July 23rd, 2012


Mickey is aging, although gracefully, given the ridiculous amount of mileage I’ve put on her. She’s creeping up on 24,000 miles. The reflective strips I put on are now peeling apart, so I need to get more. The Yamaha logo emblems are blackened from heat. All the black parts are faded. Well, the red parts are faded, too, but it’s a bit less obvious.  Info …

2008 Yamaha C3 (XF50X)

  • 49 cc
  • 4 stroke
  • Fuel injection
  • Liquid cooled
  • Electric starter
  • Kickstarter
  • Red

Owner’s manual – LIT-11626-21-65

Parts replaced:

  • Tires (twice)
  • V-belt
  • Right handlebar switch assembly
  • Right mirror
  • Roller weights
  • Filters
  • Headlamp assembly

The center stand has a persistent issue where over time it gets loose and bounces around when I hit bumps. It needs periodic adjusting.

The trunk lock had to be bored out early on. Locksmiths generally cannot handle scooter trunk locks, and I had dropped my keys inside before it closed. I’ve never replaced this part, though I may in the future. I don’t keep anything worth stealing in the trunk.

As a 49cc machine, the acceleration is woefully slow and going uphill is slow as well. Carrying a passenger is prohibited in bold text all over the manual, with good reason. Heavy loads make it behave even more sluggishly. The owner’s manual says that rider and cargo should not total more than 180 pounds, although the service manual gives a much higher figure, 360 pounds if I recall correctly. If I’ve been grocery shopping and have both the trunk and the big rucksack full of canned goods, I can really feel it.

That said, she doesn’t give up. I rode her up to Suncrest, a ridgetop community that’s pretty high up with some really steep access roads. She chugged up faithfully and steadily without so much as a sputter. Just really slowly. If I could figure out a treat to give her, I would have.

I haven’t done any recent mileage calculations, and I’m preparing the data I’ve logged to upload to fuel.ly but the range tends to be between 88 and 100 mpg. It’s a lot of data; every drop of gas since I’ve had her is logged. There are some entries that were destroyed by leaking milk two weeks ago, which annoys me a lot, but what can you do?

Originally published at Orange is Holy. You can comment here or there.


So I got my fuel log uploaded into fuel.ly – some odometer readings might have been flubbed because some of these MPG figures are not real. I did flag the missing entries due to the milk leaking onto the pages (or it could have been water – there have been a few incidents) so in theory fuel.ly should have been able to compensate for them. Still, there is such a sheer wall of data that the anomalies ought to mostly average out.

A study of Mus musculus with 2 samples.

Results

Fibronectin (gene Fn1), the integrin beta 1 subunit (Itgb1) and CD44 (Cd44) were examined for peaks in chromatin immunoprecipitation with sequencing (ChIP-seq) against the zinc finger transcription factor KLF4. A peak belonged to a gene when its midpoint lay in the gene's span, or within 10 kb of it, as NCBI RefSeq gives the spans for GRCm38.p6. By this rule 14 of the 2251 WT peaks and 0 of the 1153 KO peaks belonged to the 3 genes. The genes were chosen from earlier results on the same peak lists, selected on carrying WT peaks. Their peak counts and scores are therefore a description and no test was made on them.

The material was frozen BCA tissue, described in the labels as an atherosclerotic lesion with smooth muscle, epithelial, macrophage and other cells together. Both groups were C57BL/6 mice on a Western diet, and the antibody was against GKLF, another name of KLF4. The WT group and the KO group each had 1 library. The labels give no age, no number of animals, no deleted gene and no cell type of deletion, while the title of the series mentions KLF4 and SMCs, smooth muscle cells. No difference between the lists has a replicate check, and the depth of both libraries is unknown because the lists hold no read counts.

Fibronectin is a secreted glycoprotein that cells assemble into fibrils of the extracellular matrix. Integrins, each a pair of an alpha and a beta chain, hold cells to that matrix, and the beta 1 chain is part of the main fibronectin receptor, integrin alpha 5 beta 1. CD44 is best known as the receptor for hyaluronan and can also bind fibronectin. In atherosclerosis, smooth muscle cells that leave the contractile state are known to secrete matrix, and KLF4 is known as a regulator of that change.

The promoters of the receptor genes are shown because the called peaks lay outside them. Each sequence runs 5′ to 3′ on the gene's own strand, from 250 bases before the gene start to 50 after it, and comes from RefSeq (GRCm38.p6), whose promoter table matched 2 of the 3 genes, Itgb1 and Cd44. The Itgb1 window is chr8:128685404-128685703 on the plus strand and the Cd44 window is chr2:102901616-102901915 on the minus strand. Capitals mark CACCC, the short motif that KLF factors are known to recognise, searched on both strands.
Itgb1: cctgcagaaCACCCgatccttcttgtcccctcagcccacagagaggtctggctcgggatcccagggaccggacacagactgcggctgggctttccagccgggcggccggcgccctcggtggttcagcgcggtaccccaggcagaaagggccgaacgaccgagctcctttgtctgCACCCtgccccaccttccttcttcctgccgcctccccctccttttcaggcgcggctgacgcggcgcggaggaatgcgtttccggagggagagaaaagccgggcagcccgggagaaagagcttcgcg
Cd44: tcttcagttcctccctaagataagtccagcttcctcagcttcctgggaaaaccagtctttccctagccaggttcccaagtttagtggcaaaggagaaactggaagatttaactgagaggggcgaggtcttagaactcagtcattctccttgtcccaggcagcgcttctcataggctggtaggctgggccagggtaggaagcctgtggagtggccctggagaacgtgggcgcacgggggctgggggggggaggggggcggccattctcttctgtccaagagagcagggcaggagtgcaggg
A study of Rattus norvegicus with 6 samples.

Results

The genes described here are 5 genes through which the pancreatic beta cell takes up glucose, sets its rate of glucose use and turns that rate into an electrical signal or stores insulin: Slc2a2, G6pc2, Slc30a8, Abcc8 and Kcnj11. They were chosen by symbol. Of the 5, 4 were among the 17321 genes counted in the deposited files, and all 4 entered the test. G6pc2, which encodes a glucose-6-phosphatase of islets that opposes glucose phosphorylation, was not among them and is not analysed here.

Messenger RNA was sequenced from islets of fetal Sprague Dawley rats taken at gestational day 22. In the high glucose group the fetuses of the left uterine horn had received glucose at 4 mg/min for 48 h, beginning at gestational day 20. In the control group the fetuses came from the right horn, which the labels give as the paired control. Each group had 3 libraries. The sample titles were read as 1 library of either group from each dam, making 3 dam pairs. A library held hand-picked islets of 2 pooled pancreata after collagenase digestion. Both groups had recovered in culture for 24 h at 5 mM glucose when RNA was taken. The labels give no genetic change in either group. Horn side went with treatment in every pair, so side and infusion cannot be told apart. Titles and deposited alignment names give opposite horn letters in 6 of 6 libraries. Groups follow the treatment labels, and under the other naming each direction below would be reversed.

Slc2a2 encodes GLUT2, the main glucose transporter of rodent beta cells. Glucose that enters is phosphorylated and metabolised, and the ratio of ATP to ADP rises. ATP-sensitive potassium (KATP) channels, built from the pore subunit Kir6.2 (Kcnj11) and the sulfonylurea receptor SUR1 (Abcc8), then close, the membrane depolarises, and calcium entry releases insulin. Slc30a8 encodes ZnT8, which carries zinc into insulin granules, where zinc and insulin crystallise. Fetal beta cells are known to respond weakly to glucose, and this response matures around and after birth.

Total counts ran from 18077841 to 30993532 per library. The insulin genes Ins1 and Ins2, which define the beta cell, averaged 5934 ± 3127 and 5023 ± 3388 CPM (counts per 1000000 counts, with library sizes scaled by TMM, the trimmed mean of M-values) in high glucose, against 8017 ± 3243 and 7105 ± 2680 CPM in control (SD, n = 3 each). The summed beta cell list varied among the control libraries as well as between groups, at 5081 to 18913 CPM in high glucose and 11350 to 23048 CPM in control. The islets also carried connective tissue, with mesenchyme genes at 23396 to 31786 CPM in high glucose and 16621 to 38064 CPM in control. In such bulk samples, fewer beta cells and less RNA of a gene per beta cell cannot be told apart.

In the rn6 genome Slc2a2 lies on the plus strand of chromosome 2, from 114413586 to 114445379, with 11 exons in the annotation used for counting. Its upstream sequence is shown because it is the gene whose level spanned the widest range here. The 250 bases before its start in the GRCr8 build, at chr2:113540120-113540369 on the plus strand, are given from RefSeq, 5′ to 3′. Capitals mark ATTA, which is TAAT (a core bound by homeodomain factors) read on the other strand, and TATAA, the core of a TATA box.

A few items:

  • Since moving to Utah, my mileage is better. It was usually just under 100 in South Florida but has mostly been over 100 in Utah County.
  • Overall average is 105.1 mpg.
  • In almost the entire time I have owned Mickey, I have spent $586.77 on fuel for her. I started tracking the cost after having her a month, so that’s 2 September 2008 to present.
  • After I had her for a year, I met an ol biker who suggested I not crank the throttle all the way. He said I should try it and see if I get better mileage. I did that from 22 July 2009 until receiving the Scooter in Utah in September 2010. I don’t see any difference in mileage.

I have a spreadsheet in use before fuel.ly. It’ll be interesting to stick this data into it and see if the same patterns occur. The fuel.ly back end is supposed to be more sophisticated, so it could help to to make sure some of that sophistication isn’t causing the jigglies appearing here.

I take a lot of ribbing for not owning a car, but the numbers speak for themselves. Living now in a land of icy winters does mean taking the bus during those months; that costs approximately $80 per month. A few times per year I rent a car for long trips, so there’s rental, insurance, and gas for a car for just those days. (And none of the responsibility for maintaining or repairing it.) It could be interesting sometime to add up the totality of my annual transportation costs without a car and compare them to what they would be with a car. It might make a pretty bold case.

Originally published at Orange is Holy. You can comment here or there.